Recently, Jerry Jones made a front-office move that shocked many around the NFL. The Dallas Cowboys owner traded a fourth-round draft pick to the San Francisco 49ers for Trey Lance. In the aftermath of that deal, what wasn’t reported at the time is that Jones made the swap without consulting his football people. Most notably, Dallas Cowboys head coach Mike McCarthy was not included in discussions about acquiring Lance.
“No, we, we didn’t tell anybody until we did it, period,” Jones said. “There was nobody that knew [about] it.”
On ESPN’s NFL Live, Louis Riddick weighed in on the situation.
“There is no way you can tell me Jerry [Jones] didn’t know what he was doing when he didn’t tell his franchise quarterback and his head coach we are acquiring [Trey Lance],” the former safety said.
Riddick and Dan Orlovsky — himself a former NFL QB — made good points about Jones going rogue in making this trade and what it could lead to. It’s been highly publicized how Dak Prescott doesn’t have the full respect of the organization. Forget what players, coaches, and Jones himself try to tell us. All you have to do is watch their actions regarding Prescott. Pay attention to what they do, not what they attempt to sell us.
Whether it’s Jones saying he “overpaid” for Dak’s services publicly after signing him to a massive extension when his rookie deal was expiring. Or trading for a former No. 3 overall pick, who is much younger and still seen by many as having a bright future in the NFL. Then there are incidents like the one during training camp between Trevon Diggs and Prescott following a play where he blatantly disrespected Dak. Call it what you will, but most franchise quarterbacks who’ve earned respect throughout the organization don’t publicly deal with this much internal contempt.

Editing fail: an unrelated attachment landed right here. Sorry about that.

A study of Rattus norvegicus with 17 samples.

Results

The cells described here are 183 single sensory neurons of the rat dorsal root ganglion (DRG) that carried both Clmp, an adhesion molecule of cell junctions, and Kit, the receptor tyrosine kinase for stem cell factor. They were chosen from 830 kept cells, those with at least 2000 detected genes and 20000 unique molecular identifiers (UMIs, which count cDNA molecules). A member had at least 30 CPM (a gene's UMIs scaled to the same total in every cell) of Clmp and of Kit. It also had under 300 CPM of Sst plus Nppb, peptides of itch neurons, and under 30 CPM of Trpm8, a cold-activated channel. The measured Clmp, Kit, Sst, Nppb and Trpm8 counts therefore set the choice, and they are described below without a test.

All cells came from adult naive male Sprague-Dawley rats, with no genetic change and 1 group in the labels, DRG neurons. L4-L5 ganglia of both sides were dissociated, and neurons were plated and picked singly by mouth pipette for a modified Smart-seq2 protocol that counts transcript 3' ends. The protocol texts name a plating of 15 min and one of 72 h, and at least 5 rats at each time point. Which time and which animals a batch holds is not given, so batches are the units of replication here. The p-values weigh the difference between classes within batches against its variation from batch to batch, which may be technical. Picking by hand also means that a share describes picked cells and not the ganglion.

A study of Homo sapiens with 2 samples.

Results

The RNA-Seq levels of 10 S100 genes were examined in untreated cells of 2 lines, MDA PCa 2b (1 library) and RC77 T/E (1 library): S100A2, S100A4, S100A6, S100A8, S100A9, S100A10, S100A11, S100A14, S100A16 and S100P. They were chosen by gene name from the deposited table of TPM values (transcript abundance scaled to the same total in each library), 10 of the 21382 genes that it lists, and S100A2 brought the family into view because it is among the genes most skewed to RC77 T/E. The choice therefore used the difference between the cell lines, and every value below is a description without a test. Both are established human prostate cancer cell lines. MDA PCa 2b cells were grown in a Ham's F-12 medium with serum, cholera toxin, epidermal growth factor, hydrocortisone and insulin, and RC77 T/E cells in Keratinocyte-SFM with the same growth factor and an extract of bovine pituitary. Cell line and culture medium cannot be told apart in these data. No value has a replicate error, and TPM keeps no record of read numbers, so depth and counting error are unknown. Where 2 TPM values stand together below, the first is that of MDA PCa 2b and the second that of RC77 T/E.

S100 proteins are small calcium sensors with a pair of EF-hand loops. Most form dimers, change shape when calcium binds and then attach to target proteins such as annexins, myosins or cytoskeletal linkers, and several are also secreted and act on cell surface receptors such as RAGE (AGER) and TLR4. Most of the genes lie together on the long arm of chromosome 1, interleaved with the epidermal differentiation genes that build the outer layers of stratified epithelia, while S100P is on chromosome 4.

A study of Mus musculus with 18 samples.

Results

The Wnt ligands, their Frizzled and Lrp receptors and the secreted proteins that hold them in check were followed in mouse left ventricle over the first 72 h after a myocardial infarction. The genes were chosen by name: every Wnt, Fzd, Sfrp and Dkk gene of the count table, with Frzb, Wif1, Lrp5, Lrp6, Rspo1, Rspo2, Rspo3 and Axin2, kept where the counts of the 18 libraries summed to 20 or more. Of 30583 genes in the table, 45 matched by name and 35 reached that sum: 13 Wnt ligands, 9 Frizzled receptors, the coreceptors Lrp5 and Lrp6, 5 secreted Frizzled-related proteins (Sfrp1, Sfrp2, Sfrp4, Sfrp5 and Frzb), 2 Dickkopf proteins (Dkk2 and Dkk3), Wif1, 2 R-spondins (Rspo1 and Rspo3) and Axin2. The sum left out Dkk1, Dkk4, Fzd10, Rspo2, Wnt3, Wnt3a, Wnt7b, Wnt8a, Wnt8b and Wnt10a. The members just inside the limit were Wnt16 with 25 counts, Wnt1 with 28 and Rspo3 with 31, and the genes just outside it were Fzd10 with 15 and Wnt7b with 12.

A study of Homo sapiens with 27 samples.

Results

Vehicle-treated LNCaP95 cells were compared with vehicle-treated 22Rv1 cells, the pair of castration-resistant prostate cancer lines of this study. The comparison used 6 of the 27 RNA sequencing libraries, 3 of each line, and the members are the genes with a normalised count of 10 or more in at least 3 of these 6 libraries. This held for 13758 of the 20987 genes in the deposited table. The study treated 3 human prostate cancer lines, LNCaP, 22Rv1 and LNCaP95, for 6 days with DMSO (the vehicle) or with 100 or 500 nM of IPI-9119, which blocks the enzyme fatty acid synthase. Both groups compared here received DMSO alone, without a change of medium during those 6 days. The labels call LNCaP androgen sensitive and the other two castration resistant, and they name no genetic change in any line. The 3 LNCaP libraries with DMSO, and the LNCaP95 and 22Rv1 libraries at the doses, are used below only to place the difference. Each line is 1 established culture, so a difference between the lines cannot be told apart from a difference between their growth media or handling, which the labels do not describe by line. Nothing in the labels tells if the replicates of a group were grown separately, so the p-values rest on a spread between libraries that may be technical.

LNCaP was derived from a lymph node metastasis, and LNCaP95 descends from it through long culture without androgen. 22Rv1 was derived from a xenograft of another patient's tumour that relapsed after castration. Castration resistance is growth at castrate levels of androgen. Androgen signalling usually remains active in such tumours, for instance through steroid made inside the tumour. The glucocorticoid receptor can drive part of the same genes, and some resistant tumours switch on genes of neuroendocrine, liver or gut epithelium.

It isn’t surprising that Jones went off on his own and made the deal for Lance. We know Jones MO since he’s been the owner of the Cowboys. The only coach with any real authority was his first, Jimmy Johnson, and he was the last. Jones wouldn’t even let Bill Parcells completely control the team during his stint in Dallas. Parcells was against bringing in Terrell Owens; Jones did it anyway. This is just another move that shows how irrelevant the head coaching position is and has been for decades in Big D. It’s astonishing that Jones has yet to actually coach the team like his mentor, Al Davis.
This is the main reason it will never matter how much talent the Cowboys have; it’ll be nearly impossible to overcome the meddling of Jerry. It’s hard to tell a billionaire anything, especially when it comes to running their business. Although doing things “his way” hasn’t worked out or come close to producing championships. The team won when Jones mostly sat back and allowed football people to make decisions early on. Even then, Jones was still involved to some extent, but nothing like modern-day Jerry.
At this point, hoping Jones will change is merely an exercise in futility. Something will always stand in the way of Dallas climbing back to the NFL mountain top. It may not always be Jones’ fault, but one way or another, the trail usually leads back to decisions made by the man in charge. McCarthy is the head coach in title, mostly. Taking on play-calling duties is simply a way of gaining some power within the organization. That won’t matter in the grand scheme because everyone knows who has the real power in Dallas.